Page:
I’m Eli Towle, a second year Ph.D. student here at UW – Madison. My research focuses on optimization, especially integer, linear, and stochastic programming. Currently, I’m working on a cutting plane approach to solving the stochastic network interdiction problem. There might be more on that later in the semester! I’ll kick off my first blog post with a basic overview of athletic scheduling, because everybody loves sports and equations. Athletic scheduling probably doesn’t save many lives, but it certainly is a tricky problem that is often done suboptimally.
As I briefly touched upon last week, I was employed as a modeler at the Center for Athletic Scheduling at UW – Stevens Point during my undergraduate career. This was my first experience using operations research to benefit others in a tangible way. After a schedule request from a collegiate conference was received, modelers like myself would accept jobs and begin working directly with conference commissioners and coaches to create a schedule within the provided parameters. After the initial model was built in AMPL, there was always some tweaking involved in fine-tuning the schedule to meet the commissioner’s tastes. It was a miracle to not hear “Oh, I forgot that School A has homecoming that weekend,” or “Can these two teams both be home on the second Tuesday?” after sending out a schedule for review.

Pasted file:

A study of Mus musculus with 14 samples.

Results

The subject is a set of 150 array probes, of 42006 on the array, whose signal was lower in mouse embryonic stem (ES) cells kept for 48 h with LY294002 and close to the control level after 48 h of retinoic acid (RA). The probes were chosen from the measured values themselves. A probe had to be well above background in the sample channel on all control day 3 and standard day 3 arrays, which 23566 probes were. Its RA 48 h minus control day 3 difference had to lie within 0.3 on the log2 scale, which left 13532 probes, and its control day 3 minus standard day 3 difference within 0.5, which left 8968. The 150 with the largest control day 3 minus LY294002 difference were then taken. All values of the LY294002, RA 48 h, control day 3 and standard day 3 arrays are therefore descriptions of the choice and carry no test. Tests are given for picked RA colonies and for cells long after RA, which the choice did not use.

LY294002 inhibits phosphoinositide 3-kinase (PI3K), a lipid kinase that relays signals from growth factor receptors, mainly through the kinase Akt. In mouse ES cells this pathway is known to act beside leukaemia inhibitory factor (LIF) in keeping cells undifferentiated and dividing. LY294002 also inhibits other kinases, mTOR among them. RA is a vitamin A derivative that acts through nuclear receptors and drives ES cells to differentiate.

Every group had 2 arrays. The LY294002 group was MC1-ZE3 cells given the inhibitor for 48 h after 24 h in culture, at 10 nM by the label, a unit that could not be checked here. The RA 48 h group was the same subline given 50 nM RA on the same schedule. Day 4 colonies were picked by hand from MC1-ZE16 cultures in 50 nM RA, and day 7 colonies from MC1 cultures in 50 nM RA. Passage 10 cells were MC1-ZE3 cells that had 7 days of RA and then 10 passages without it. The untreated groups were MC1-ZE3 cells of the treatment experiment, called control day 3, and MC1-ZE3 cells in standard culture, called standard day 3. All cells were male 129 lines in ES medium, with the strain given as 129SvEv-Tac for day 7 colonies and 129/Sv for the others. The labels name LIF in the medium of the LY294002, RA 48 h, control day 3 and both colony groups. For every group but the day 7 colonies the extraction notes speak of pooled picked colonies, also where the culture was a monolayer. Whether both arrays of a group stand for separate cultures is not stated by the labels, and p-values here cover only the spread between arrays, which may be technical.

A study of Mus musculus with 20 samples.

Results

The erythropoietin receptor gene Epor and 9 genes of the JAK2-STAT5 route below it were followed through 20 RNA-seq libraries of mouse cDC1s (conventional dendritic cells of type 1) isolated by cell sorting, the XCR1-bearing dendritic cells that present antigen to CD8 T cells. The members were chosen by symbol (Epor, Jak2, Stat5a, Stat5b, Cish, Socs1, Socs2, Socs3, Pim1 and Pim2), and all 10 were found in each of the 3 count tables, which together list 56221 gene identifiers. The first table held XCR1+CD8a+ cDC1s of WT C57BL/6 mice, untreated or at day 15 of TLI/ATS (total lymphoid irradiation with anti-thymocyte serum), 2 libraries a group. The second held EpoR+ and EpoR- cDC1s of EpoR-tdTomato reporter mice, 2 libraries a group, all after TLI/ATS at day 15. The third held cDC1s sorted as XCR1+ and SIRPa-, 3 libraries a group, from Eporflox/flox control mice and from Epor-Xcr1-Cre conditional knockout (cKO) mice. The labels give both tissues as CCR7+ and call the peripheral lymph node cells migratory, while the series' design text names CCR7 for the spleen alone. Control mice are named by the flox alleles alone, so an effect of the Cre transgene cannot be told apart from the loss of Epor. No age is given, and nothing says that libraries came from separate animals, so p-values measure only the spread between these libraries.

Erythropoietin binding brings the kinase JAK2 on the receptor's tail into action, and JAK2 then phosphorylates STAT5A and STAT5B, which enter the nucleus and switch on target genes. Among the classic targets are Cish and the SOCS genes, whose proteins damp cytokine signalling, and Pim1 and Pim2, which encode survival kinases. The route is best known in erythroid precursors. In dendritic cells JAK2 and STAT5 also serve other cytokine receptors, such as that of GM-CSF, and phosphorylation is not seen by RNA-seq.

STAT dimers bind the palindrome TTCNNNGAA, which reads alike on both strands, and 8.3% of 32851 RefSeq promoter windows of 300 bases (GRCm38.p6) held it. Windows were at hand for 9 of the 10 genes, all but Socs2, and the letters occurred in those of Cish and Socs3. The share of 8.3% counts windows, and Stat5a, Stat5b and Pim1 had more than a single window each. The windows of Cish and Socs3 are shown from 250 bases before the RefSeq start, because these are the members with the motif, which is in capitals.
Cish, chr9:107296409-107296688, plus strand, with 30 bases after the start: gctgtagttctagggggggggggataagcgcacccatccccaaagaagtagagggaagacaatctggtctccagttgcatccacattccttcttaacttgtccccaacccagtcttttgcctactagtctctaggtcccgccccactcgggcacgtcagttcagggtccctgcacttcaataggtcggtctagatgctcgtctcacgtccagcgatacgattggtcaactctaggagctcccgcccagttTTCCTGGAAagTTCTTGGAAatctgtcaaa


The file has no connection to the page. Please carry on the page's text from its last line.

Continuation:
Let’s look at the model, using the Big Ten Conference as an example. At its core, the model itself is pretty straightforward. We begin by defining a set of teams in the conference, and a set of allowable days for play. We’ll use days and a “round robin” model, so byes aren’t a factor ( for the Big Ten).
Our binary decision variables are intuitively if team hosts team on day , and otherwise, with .
An obvious constraint is that teams can play at most once each day, whether they are home or away.
In this fictional model, we will also impose the “round robin” constraint that requires each team to play every other team once.
Another consideration is that teams have roughly equal home and away games. We can do this in a single constraint that says each team has at least home games.
A final consideration is that teams cannot have too many home or away games in a row. The final schedule should be a healthy mix of home and away games. For example, we can require that at most two of any three consecutive games can be played at home. Similarly, at most two of any three consecutive games can be played away.
And just like that, our model is finished! Note that this is simply a feasibility problem; we aren’t attempting to minimize or maximize anything. Depending on the conference, we might try to minimize the number of times teams play two away games in a row, distance traveled, etc. A completed model, which introduces additional binary variables to minimize the number of times teams play back-to-back away games, is below.
There are only seven instances in the entire season of teams playing back-to-back away games. Not bad!